Long Live the King
Generations of filmmakers and artists have been inspired by the 1933 film classic, King Kong. Whether they were a baby boomer catching it on UHF television, or a younger generation that discovered the original via the 1976 or 2005 remake, the original’s endearing special effects and youthful sense of adventure continues to make the early creature feature highly influential. Trish Geiger and Frank Dietz’s “Long Live the King”, a documentary about King Kong 1933 and its legacy, serves as a love letter to both the film, and the fans it’s acquired over the years.
Indeed, Geiger and Dietz manage to assemble a pretty impressive (and eclectic) group to talk about Kong. A-listers such as Joe Dante (director of Gremlins, the Howling, TV’s Legends of Tomorrow), Dana Gould (writer/creator of Stan Against Evil and a writer for the Simpsons) Greg Nicotero (special effects expert and director of The Walking Dead), creature character actor Doug Jones, horror royalty Felissa Rose (Sleepaway Camp, Death House) are joined by other lesser known journalists, artists and actors (to include King Kong expert Bob Burns) to gush about all things Kong. It’s a lot of fun to learn of the origins of some of these creative types love for the film, and for their observations on the material.
Still, with a run time of only 67 minutes, it feels like a Cliffsnotes overview of Kong, that lacks a lot of focus diehard fans will yearn for. Once “Long Live the King” moves past King Kong ‘33, we get lighting rounds about Son of Kong (Felissa Rose really shines in this segment), Mighty Joe Young, the Toho Kong films and the 1976 remake (and it’s so bad it’s good sequel, “King Kong Lives”, which was shot partially in Tennessee!), before settling in for another lovefest for Peter Jackson’s 2005 remake. Because of this bookending format, the documentary feels a bit like an extra for a King Kong 2005 blu ray box set.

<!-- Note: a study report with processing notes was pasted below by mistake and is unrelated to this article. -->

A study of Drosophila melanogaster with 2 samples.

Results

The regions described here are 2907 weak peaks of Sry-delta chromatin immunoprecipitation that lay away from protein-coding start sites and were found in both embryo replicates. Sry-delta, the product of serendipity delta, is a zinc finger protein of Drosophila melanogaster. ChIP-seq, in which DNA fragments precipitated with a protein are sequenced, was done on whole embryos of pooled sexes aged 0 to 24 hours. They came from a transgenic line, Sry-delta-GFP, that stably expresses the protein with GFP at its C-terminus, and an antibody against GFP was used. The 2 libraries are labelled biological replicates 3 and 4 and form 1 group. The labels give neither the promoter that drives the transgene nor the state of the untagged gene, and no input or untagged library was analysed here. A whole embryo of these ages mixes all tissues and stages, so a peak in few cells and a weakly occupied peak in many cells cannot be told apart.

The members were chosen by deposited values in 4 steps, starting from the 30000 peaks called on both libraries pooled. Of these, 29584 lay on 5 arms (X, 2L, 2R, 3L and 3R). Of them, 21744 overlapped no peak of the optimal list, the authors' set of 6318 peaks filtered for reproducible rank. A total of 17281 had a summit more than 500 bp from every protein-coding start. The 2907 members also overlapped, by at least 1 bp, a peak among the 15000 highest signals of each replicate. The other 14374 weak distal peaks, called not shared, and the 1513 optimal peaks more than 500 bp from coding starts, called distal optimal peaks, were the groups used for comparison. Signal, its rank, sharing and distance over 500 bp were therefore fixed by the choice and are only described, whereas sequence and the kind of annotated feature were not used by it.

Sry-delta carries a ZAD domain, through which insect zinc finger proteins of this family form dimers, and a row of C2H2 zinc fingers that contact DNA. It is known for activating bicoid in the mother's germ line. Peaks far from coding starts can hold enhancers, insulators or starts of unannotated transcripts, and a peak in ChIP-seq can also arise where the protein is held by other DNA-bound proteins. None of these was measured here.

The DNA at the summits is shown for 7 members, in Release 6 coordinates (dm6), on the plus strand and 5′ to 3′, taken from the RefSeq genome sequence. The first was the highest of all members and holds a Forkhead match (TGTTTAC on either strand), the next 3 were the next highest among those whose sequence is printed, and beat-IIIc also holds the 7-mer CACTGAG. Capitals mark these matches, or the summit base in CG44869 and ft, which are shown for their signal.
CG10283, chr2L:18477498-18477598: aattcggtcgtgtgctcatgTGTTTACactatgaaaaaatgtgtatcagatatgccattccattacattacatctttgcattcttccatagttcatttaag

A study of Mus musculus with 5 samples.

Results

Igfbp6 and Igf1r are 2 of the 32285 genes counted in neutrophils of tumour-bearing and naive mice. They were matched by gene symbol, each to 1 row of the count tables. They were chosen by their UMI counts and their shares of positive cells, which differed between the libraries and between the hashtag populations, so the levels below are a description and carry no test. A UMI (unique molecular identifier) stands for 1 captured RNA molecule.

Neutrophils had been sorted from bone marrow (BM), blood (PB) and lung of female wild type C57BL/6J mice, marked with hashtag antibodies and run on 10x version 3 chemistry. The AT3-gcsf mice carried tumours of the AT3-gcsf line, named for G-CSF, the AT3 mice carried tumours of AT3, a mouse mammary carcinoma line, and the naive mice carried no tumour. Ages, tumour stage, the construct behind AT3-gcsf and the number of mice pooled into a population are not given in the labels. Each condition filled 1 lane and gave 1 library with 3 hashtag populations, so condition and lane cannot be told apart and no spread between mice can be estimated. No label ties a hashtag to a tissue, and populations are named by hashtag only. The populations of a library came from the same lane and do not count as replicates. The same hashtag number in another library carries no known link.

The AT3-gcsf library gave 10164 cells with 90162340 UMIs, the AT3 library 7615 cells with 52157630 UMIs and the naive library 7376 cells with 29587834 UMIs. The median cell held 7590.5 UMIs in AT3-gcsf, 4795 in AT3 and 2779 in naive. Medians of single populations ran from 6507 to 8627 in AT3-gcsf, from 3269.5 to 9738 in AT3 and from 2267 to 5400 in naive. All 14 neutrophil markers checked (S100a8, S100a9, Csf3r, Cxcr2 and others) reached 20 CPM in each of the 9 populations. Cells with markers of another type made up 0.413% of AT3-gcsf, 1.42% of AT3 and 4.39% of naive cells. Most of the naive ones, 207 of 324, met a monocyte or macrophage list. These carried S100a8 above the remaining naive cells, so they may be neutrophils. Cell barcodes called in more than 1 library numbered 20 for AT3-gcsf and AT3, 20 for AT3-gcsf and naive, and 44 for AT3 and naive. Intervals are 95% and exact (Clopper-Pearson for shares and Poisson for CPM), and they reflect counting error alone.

In addition, the documentary largely sidesteps the racial connotations that loom heavy over the Kong legacy (so much so that in 1962, even Toho studios felt the need to dress Japanese actors in blackface for King Kong vs. Godzilla). I realize the documentary is meant to be a love letter to all things Kong, but such an omission is unforgivable in a documentary about Kong in the year 2017. To make matters worse, Greg Nicotero steps directly in the mess, stating (somewhat tongue in cheek) that Kong was captivated by Fay Wray’s blonde, fair skinned Ann Darrow because up until then, Kong “had only eaten dark haired native girls.” Yeesh.
However, if you’re a big Kong fan, this is a mostly fun watch. I particularly enjoyed seeing Doug Jones acting out some of Fay Wray’s most inspired moments, and I could listen to Dana Gould talk about King Kong all day. In fact, can we get a Dana Gould King Kong commentary track?
“Long Live the King” is available to stream on Amazon prime.
PS- This documentary mentions a short film by Greg Nicotero that’s a real treat for monster fans: The United Monster Talent Agency. Check it out!